Title IX Resources

Background 

In the late 1960s, women’s’ sports were organizationally merged with men’s, but that did not bring robust funding or opportunities equal to men’s. In fact, when the Women’s Athletic Association (WAA) dissolved and the men’s and women’s physical education programs merged, the remaining women’s club teams found themselves isolated in terms of funding. In April 1970, men’s and women’s sports clubs united under the Michigan Sports Club Federation (MSCF) , which was allotted  $10,000 for start-up funds. The sports clubs received minimal funding from the Athletic Department, and fundraising and player dues covered the remainder.[1]

When Title IX passed in 1972, many athletic directors opposed it on the grounds of funding, fearing that existing men’s programs would lose resources. Although Title IX implementation at U-M was slow due to Athletic Director Don Canham’s opposition, funding for women’s sports did increase exponentially throughout the 1970s and 1980s.  

Funding

When six varsity sports were first offered to women in the 1974-75 academic year, the total operating budget of the program was about $125,000. In the next few years, increases in funding allowed for the purchasing of new equipment, hiring of staff, and building and renovating of some locker rooms and training facilities.  By the 1978-1979 academic year, the budget had quadrupled to $603,000.[2] Although this was a significant improvement from previous years, extreme inequities between the men’s and women’s athletic programs persisted. Decades later, varsity tennis player Marissa Pollick explained in The Michigan Daily that no new locker rooms were initially built for female athletes. They had to use "the back bathrooms of the building,” she recalled, “and I can literally still smell it.”[3]

Title IX promised equality, but it took decades to achieve.

First Women's Scholarships List 1976-77

List of first women to receive athletic scholarships, 1976-77

Scholarships

One of the largest discrepancies between the men’s and women’s programs was in scholarships. Under Title IX, institutions had to offer opportunities for scholarships to men and women that were proportional to the number of competitors in each program.[4] Scholarships for college athletes had long raised concerns about professionalism, and the women’s athletics program had been devoted to a principle of amateurism. As a result, some administrators, even Associate Director of Athletics for Women Marie Hartwig, feared the consequences of scholarships for female athletes. When Hartwig retired and Virginia Hunt took over the position in 1976, 38 half-tuition scholarships were made available to women.[5] One varsity women’s tennis player remembers that during that season, four out of ten players could earn scholarships, so they had to play each other to earn their scholarship.[6] The scholarship fund for women’s athletics continued to gradually grow in the following years, and the “women’s programs became comprehensive and exceptional” when the Big Ten Conference admitted women’s teams in 1981.[7]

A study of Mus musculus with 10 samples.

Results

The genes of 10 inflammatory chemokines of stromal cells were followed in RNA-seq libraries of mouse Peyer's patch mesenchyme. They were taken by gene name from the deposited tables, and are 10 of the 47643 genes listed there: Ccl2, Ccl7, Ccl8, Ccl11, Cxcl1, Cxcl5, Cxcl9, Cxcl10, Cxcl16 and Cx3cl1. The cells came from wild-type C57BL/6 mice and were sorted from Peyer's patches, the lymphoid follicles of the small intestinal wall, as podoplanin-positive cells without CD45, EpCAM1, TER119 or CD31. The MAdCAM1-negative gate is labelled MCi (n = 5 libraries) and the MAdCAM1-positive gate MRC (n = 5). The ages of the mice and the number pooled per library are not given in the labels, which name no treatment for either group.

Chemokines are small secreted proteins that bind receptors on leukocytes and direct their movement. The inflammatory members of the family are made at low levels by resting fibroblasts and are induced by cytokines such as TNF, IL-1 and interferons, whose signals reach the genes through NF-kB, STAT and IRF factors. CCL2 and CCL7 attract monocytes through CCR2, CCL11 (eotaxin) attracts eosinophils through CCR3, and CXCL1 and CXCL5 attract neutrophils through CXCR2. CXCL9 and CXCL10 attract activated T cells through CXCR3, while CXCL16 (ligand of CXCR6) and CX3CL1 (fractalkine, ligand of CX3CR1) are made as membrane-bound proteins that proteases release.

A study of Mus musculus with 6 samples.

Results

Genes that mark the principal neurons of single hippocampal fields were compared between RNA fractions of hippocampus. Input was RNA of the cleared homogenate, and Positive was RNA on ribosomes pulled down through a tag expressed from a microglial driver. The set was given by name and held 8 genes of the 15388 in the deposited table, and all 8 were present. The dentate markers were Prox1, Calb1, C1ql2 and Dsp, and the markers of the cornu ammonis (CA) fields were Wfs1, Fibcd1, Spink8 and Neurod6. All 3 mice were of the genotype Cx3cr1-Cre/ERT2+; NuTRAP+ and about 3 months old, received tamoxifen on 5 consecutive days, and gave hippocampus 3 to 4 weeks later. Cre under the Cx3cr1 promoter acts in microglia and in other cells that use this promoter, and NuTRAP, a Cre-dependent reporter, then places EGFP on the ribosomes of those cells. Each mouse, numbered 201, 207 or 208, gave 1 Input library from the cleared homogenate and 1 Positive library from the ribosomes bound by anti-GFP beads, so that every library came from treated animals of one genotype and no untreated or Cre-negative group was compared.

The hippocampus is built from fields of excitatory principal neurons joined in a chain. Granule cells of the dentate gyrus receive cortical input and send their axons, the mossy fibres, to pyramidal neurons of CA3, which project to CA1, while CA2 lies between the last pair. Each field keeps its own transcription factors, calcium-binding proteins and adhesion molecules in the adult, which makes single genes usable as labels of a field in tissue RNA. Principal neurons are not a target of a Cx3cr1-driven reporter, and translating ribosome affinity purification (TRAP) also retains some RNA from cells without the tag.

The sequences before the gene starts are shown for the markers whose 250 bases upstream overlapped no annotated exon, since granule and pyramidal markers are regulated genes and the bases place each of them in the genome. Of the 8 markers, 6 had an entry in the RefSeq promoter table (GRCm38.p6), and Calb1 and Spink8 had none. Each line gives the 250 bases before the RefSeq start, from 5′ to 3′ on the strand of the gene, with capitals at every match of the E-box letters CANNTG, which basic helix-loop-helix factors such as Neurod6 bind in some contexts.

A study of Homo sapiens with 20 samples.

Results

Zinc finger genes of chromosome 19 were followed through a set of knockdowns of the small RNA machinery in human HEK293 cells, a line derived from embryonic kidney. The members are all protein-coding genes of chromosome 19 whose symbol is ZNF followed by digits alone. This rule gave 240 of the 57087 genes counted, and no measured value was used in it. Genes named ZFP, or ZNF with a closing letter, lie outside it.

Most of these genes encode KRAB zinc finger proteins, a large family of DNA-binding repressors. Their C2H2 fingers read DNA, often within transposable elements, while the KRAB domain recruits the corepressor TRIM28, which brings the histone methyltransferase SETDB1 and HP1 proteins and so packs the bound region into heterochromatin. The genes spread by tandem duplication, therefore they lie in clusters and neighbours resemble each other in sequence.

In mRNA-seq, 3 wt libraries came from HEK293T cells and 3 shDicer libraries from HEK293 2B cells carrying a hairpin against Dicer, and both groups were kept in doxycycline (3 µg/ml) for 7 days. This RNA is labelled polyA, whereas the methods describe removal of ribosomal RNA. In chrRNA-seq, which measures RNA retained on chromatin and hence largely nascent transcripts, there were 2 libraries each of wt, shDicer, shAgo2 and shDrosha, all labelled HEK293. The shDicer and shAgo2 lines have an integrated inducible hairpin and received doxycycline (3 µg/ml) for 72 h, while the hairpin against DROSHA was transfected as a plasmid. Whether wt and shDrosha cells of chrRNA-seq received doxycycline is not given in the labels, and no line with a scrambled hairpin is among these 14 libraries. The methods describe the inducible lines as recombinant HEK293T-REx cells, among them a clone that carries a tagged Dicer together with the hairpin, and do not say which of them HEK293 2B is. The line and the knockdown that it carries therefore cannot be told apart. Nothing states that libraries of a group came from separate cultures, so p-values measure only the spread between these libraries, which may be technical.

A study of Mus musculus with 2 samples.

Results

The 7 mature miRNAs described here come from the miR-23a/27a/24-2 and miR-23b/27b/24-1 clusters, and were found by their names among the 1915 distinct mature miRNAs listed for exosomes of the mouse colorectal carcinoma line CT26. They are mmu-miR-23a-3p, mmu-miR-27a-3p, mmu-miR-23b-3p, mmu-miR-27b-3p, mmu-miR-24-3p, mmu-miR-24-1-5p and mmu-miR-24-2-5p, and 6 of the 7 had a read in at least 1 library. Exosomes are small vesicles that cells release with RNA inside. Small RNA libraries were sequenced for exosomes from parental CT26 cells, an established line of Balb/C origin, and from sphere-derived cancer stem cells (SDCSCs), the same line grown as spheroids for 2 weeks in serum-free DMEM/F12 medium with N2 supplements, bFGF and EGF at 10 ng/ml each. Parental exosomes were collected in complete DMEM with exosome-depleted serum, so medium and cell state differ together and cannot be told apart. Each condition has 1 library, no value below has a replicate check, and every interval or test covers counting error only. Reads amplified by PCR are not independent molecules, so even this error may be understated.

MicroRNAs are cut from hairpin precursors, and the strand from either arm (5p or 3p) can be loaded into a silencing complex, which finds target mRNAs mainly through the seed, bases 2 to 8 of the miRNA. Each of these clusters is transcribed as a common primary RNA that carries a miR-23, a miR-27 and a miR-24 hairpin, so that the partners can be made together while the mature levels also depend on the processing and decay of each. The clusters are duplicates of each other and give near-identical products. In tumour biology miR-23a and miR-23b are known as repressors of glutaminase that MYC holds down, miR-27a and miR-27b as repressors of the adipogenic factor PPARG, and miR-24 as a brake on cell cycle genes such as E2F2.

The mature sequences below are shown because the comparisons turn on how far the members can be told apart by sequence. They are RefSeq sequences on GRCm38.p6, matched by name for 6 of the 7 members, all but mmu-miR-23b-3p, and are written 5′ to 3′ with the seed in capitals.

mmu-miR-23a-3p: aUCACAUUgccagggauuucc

[1] Sheryl Szady, “The History of Intercollegiate Athletics for Women of the University of Michigan” (PhD diss., University of Michigan, 1987).

[2] Chronology of Implementation, Title IX Chronology of Implementation 1979, Box 6, Women's Athletics Records, University of Michigan Bentley Historical Library, Ann Arbor, MI.

[3] Alexa Dettelbach, “Marissa Pollick: Michigan’s Unsung Title IX Hero,” The Michigan Daily, February 27, 2014, page 7A.

[4] Summary Report on Final Regulations Implementing Title IX of the Higher Education Amendments of 1972, Title IX Correspondence, Reports 1975, Box 6, Women's Athletics Records, University of Michigan Bentley Historical Library, Ann Arbor, MI.

[5] David Diles, “The History of Title IX at the University of Michigan Department of Athletics” (PhD diss., University of Michigan, 1988). 

[6] Alexa Dettelbach, “Marissa Pollick: Michigan’s Unsung Title IX Hero,” The Michigan Daily, February 27, 2014, page 7A.

[7] David Diles, “The History of Title IX at the University of Michigan Department of Athletics” (PhD diss., University of Michigan, 1988), page 207.